Heritage Houses of Ontario
Visit the heritage houses and museums in your community and afar. You will be surprised by what you find out.
Everyone has a story to tell – whether of the family who built it, the architecture, the history or of the people who continue its legacy.
All are welcome!
Experience a guided tour of this early 19th century homestead once home to the Gage family...
Built in 1822, Campbell House was home to Chief Justice William Campbell.
Cottonwood is an Italianate-style red brick mansion built c. 1860 nestled in Selkirk, ON.
Experience a guided tour of this 40-room Italianate-style villa built in the 1830’s on B...
1808 homestead of the Lee family for over 160 years. Birth place of the W. I.
See where seven generations of the Jones family chose to call home and immerse yourself in
Early Upper Canada Georgian Manor invites you to walk back in time.
Built in 1848 -McQuesten family home for three generations, from 1852-1968
Hamilton, Ontario to Hamilton, Ontario
50 Great Saves: The Heritage Railway Stations Protection Act
Duncan, British Columbia to McAdam, New Brunswick 10 places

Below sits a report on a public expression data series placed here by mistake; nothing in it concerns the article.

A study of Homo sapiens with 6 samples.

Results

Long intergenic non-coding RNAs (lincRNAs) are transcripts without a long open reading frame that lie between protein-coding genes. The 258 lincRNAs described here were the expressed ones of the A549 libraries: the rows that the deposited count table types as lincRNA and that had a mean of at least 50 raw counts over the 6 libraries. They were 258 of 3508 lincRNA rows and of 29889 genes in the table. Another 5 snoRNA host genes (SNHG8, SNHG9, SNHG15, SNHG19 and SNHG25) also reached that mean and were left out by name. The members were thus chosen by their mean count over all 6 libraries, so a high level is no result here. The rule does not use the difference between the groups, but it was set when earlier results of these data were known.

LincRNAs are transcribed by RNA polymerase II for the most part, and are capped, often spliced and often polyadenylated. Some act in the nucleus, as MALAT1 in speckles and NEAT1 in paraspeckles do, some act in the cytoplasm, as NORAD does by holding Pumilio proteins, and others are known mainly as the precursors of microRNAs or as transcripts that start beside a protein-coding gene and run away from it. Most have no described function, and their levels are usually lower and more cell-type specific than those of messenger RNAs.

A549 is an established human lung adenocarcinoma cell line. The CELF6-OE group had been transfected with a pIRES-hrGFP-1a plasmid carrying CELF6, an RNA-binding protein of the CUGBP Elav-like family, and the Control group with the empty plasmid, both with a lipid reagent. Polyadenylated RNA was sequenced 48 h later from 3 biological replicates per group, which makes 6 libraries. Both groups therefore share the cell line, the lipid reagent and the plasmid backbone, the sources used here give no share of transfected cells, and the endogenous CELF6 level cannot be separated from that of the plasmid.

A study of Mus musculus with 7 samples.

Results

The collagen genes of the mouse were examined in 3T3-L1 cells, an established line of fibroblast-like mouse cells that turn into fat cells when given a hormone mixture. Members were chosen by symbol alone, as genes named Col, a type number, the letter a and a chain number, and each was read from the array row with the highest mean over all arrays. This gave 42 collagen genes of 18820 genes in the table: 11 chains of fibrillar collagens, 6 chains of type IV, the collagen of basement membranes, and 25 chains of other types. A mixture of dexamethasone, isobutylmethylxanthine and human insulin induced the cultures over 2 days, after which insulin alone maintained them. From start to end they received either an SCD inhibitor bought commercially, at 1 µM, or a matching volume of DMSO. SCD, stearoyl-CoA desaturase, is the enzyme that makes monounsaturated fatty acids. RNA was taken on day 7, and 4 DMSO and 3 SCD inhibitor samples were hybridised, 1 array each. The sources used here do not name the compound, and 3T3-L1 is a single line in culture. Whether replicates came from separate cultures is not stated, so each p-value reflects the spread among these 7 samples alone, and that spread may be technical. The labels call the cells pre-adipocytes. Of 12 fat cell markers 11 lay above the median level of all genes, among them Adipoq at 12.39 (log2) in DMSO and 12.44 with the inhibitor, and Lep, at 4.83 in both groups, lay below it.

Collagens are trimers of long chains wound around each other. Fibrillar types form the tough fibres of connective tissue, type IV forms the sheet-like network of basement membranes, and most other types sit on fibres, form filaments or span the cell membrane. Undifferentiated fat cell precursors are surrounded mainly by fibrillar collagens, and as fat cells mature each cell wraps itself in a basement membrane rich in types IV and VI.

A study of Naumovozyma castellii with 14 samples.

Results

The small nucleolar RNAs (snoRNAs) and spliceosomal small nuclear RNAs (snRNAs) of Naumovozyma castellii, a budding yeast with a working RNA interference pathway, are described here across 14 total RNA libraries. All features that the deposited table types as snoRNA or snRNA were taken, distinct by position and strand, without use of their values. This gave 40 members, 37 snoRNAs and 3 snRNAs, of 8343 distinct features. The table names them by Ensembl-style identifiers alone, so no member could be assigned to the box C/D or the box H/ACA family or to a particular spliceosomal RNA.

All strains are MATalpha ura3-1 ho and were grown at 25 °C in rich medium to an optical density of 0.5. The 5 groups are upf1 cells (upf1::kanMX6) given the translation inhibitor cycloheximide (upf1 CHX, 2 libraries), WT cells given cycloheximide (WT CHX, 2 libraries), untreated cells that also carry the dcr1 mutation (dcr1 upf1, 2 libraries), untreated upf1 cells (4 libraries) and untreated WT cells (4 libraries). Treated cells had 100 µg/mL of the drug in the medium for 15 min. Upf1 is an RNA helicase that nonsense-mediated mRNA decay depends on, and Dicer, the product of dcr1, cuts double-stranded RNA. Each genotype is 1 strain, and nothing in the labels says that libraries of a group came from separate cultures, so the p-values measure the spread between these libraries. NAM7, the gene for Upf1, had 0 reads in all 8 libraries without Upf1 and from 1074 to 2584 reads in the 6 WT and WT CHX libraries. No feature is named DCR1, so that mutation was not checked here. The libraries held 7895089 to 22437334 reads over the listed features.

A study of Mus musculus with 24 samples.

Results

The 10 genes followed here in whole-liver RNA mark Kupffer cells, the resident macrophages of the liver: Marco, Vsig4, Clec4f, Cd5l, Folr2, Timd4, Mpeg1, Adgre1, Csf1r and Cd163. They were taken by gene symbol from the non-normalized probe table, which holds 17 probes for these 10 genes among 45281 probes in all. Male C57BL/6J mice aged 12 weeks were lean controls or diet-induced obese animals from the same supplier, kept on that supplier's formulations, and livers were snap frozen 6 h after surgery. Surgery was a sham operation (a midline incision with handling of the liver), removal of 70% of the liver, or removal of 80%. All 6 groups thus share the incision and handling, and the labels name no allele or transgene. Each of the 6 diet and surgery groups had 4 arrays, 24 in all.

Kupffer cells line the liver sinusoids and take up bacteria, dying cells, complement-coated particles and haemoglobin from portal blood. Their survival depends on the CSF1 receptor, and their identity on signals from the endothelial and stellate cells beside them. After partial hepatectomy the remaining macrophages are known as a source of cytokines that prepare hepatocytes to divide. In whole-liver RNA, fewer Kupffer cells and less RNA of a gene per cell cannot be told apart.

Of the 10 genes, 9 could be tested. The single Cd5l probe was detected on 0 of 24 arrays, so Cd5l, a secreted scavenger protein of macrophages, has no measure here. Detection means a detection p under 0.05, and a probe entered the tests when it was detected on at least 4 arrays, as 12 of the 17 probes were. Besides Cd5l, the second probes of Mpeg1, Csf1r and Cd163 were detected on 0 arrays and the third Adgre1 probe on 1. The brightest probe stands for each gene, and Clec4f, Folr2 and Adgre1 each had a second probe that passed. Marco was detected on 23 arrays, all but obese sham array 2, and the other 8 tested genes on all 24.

In 1990, the Heritage Railway Stations Protection Act came into effect after years of lobbying with the help of the National Trust for Canada. The act has granted over 150 railway stations federal legal protection across the country including the Duncan train station in Duncan, BC and the McAdam Railway Station in McAdam, New Brunswick.
Atlantic Canada’s Hidden Histories
Shelburne, Nova Scotia to Middle Sackville, Nova Scotia 35 places
geocaches that demonstrate the rich, diverse histories of Atlantic Canada.
Halifax, Nova Scotia to Middle Sackville, Nova Scotia 9 places
The geography of Black urban Halifax and Windsor encompassing the waves of Black migration
The Hidden Black Cityscape
Saint Marys Parish to New Brunswick 15 places
Explore Fredericton’s early Black history. Often missing from the modern cityscape.